Tom Dowd & the Language of Music


Generally favorable reviews - based on 17 Critics

Critic score distribution:
  1. Positive: 15 out of 17
  2. Negative: 0 out of 17


  1. 100
    Music fans of every stripe should kill to see this film, one of the very best music documentaries in recent years.
  2. This wise and warm man, who died in 2002, is captured in all his glory by the remarkable documentary.
  3. Reviewed by: David Rooney
    Dowd's graciousness and enthusiasm, and the enormous respect afforded him by industryites on record here, make this a thorough and satisfying acknowledgement of one man's unique contribution to popular music.
  4. 90
    Moormann's film transcends A&E hagiography, and Dowd's spry egoism and science-hipster joie de vivre provide piquant icing. Recalling trends, technical advances, artists, and landmark sessions (one where he suggests the rhythm for "Sunshine of Your Love"), Dowd conjures the excitement that helped coax so many iconic performances.
  5. It makes a convincing argument that Dowd's personal history is a kind of history of the 20th century itself, encompassing the era's art, science, commerce and politics.
  6. If there is one moment in The Language of Music that will thrill old rock fans, it's watching Dowd, his fluid hands moving with a surgeon's grace, remix for the film's benefit the 24-track sub-master of "Layla."
  7. 88
    The Language of Music hews strictly to its title, however. There isn't anything about Dowd's life outside music except for details of his work as a nuclear physicist at Columbia University, where he was a key part of the Manhattan Project research team that developed the atomic bomb during World War II.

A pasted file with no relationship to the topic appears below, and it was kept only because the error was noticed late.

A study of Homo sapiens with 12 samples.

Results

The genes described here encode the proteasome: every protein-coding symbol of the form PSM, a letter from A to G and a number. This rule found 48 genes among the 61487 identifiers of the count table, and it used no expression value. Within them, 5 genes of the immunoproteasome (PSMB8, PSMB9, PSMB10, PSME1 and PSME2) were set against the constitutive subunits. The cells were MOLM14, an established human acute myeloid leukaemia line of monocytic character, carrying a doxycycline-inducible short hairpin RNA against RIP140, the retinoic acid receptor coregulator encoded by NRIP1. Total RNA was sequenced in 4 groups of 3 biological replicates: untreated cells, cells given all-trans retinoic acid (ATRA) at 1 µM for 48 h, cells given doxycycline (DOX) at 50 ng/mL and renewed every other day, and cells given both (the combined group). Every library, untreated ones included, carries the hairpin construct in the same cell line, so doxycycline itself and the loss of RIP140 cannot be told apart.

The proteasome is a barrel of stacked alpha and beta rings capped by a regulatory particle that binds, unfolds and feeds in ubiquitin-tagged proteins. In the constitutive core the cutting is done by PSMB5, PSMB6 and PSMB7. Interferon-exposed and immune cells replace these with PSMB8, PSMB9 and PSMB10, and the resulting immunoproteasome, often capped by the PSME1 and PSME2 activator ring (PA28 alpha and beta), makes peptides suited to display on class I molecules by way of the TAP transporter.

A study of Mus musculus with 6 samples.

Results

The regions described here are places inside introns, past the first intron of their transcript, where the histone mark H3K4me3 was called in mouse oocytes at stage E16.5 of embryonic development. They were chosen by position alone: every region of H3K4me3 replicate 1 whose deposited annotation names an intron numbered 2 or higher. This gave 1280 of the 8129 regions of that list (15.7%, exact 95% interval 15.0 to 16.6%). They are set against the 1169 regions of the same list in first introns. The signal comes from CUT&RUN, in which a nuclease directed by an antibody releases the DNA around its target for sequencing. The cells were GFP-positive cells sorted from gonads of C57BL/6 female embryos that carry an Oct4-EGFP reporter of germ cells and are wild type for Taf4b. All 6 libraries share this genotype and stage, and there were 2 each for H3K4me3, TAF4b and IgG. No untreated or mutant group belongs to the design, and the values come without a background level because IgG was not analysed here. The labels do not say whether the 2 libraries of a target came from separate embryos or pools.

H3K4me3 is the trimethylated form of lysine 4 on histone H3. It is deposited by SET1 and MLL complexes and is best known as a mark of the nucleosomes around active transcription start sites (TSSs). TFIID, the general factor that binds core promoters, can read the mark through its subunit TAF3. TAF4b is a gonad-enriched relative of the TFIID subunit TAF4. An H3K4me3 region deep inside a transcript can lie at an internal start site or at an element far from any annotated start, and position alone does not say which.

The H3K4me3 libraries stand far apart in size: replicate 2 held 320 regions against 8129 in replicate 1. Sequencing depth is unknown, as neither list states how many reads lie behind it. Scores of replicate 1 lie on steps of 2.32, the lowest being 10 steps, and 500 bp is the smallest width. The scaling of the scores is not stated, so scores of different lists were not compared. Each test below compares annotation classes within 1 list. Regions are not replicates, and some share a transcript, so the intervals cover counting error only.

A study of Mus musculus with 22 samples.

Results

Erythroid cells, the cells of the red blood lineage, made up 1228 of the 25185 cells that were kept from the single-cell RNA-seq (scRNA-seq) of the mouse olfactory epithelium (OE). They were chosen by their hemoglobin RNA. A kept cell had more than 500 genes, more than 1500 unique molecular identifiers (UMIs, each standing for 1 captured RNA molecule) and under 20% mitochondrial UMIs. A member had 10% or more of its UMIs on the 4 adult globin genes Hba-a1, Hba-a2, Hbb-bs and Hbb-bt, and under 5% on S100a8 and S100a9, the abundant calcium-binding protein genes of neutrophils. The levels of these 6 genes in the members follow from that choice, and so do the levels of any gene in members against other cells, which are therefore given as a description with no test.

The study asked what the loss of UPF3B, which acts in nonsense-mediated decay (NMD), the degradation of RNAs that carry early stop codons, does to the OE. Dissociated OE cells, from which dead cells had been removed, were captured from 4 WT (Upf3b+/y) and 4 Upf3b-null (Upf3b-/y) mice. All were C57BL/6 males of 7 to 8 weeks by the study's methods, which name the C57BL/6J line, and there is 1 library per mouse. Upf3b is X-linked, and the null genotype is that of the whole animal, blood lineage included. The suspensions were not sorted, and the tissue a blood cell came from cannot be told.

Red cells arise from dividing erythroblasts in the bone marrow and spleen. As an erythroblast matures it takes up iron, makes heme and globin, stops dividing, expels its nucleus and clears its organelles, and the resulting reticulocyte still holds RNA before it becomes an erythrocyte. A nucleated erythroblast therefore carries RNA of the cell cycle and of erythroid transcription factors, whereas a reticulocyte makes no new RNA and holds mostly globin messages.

8. 80
    The documentary was shot on film, and Moormann's snappy editing and subtly moving camera match the energy of the jump-blues and roots-rock that Dowd loved.
  9. The man who emerges is a likable, unpretentious musical enthusiast and roll-up-your-sleeves problem-solver who apparently led a charmed life.
  10. Shows firsthand the appreciation and warmth from the musicians who worked with him.
  11. 80
    Moormann deserves credit, not only for choosing a wonderful and deserving subject for a film, but for doing him proud.
  12. Like its subject, the movie is a tad overzealous, but often fascinating and revealing.
  13. 75
    Sometimes it gets into arcane talk of equipment that makes more sense for a Berklee College of Music engineering class than for a mass-market movie -- but as a probing look at a really nice-guy genius in the studio world, it succeeds admirably.
  14. Wall Street Journal
    Reviewed by: Jim Fusilli
    Shows how a dedicated man ensured that great music could always be heard at its best.
  15. The correlation between music and math, if not explicit, is seldom documented with as much panache as Tom Dowd & the Language of Music.
  16. Mark Moormann's documentary tends to the worshipful, but Dowd, a charmer onscreen, was by all accounts just as appealing in real life.
  17. Moormann's reverential documentary, seven years in the making, is most successful as a self-narrated autobiography. It fails, however, to deliver a balanced portrait of the man's life and work.